Different Worlds: The Art of Video Game Convention Booth Design

When you're showcasing your games on a noisy convention floor, how can you immerse players in your world? Two set designers share their secrets.
The Cult of the Lamb booth at PAX Aus 2023

You’ve finally made it. After lining up for what felt like hours, securing your pass and battling against the crowd, you enter PAX Aus 2023. Eager to immerse yourself in everything the three-day convention has to offer, you scout your new playground, and establish an attack plan. 

It’s easy to get caught up in the endless sea of variety, and swept away by the many conversations, announcements, and ever-so-prominent “YAHOO!” from the direction of Super Mario Bros. Wonder. Despite this, you notice the Cult of the Lamb booth – someone is actually physically kneeling at an altar as they play the game for the first time and are entirely absorbed with the world it has to offer. Somehow, they can ignore the convention around them, and have become entirely immersed in the game. 

We all know that there are many components that stimulate immersive gameplay, but what about outside of the video game screen? How is it possible to be immersed in a game when you’re not even playing it?

cult of the lamb booth set design conventions
The Cult of the Lamb altar at PAX Aus 2023. (Image: Isabella Verduci)

A good set, like those used for eye-catching booths at conventions including PAX Aus, represent the game by using prominent colour palettes, differentiation between textures, shape and colour, and commonplace objects to create an immersive experience for people. All these things combined are an example of how physical objects can act as “touch points” for a booth. 

This term was brought to my attention when speaking to Jonathan “JR” Rosales, the director of publishing at Devolver Digital, who has been designing booths for 15 years. He has designed booths for Minecraft, Wizard with a Gun, various Batman games and many more. Throughout his work, Rosales aims to create stands that have impact and maintain the integrity of the property they represent.

This core goal also aligns with those of Ruby Zimmermann, Communications Specialist and Product Marketer for PikPok, who said it was essential to get the players into the right frame of mind.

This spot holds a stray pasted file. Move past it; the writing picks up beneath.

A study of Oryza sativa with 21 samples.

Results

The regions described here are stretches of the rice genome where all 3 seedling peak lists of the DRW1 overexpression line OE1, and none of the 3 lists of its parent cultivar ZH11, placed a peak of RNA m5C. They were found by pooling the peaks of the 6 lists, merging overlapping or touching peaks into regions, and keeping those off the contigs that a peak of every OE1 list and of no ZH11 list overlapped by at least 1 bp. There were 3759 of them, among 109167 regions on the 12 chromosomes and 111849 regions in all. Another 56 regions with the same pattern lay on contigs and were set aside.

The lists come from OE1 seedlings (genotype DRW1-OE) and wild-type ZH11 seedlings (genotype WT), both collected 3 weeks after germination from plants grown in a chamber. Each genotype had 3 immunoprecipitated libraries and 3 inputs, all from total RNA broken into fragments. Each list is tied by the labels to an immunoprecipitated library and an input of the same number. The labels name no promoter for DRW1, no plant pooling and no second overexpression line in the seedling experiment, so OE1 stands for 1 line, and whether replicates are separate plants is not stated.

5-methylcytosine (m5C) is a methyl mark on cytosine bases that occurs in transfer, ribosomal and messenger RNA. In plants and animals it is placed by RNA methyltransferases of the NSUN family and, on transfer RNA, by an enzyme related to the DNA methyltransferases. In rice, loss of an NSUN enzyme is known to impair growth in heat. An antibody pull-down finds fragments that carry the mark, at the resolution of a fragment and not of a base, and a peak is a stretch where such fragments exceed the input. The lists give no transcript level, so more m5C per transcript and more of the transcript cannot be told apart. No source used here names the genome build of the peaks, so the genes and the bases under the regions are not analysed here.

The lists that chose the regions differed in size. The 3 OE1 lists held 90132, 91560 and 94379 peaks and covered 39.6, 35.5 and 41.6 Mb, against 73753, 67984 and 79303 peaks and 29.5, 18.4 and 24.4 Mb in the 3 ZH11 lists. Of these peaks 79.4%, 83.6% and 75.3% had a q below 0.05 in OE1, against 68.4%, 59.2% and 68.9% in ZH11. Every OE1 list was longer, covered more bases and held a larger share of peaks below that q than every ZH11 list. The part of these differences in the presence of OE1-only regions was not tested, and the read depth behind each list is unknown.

What excites me the most is how both talented creatives managed to succeed in offering touchpoints in a setting that stayed true to their respective games. Interestingly, both designers highlighted a desire to, as Zimmermann puts it, “not create anything that’s too much of a fantasy”. 

Cult of the Lamb, despite being a fantastical game, didn’t house any elements that were strictly fantasy-coded within their set. The booth was decorated with candles for ambient lighting, flower petals of different colours, and velvet drapes that added an element of class I didn’t know was possible for a game about “min-maxing” a cult. 

Despite these individual elements being commonplace objects, they all melted together to create a tone that was totally different to the rest of the booths at the convention. The standout feature was the way that you were encouraged to play the game – this is where the kneeling comes in. I think this was a beautiful nod to the religious undertones that are prevalent throughout the game. It also nods to the action of prayer and other religious activities that take place in both a church and the game. Although this method of play lies outside of the screen, it is quite powerful in its ability to allude to the game’s core ideas.      

The Into The Dead: Our Darkest Days booth at PAX Aus 2023. (Photo: PikPok)

For Zimmermann’s booth, it was essential for their design team to incorporate household items resembling Texas in the 1980s. They were inspired by real pictures from the 1980s which helped them capture the era perfectly. 

Having vintage props to communicate an authentic setting was quintessential in order for the set design to immediately ground players who are about to try the game for the first time. Zimmermann’s booth had an amazing attention to detail for making the space her team created feel once lived in – Bloody fingerprint smears on newspapers, to family photo frames on the walls being unaligned, made this space feel incredibly familiar, yet eerily disrupted. 

When questioning Zimmermann about these details, they noted that an integral concept within their game is that these zombies still have remains of their humanity left. It was essential to bring zombies into familiar spaces, such as their set, because their gameplay revolves around zombies overrunning familiar spaces. Therefore, by showcasing a family living room that has been bloodied and disturbed right before players play the game would create the exact tonal shift required for an immersive experience.

Zimmermann with the Into The Dead: Our Darkest Days booth at PAX Aus 2023. (Photo: Ruby Zimmerman)

In the small spaces allocated to them, Rosales and Zimmermann both transported PAX Aus attendees to totally different environments with the work of their incredible set designs. I encourage everyone to consider the elements outside of the screen which immerse or influence methods of play. You might be pleasantly surprised by how much these exterior elements impact your state of immersion within the screen, making for more enjoyable and memorable gameplay experiences that let the rest of the world completely fade away.

This article was commissioned by GamesHub and Creative Victoria as part of Wordplay, a games writing mentorship program held during Melbourne International Games Week 2023.

Isabella (she/her) is a Melbourne-based games writer. She is on a mission to document memorable and dynamic virtual experiences within video games. She has a particular love for music composition and sound design, focusing on these elements in the games she makes. She will occasionally post academic games research articles she writes on her Linkedin.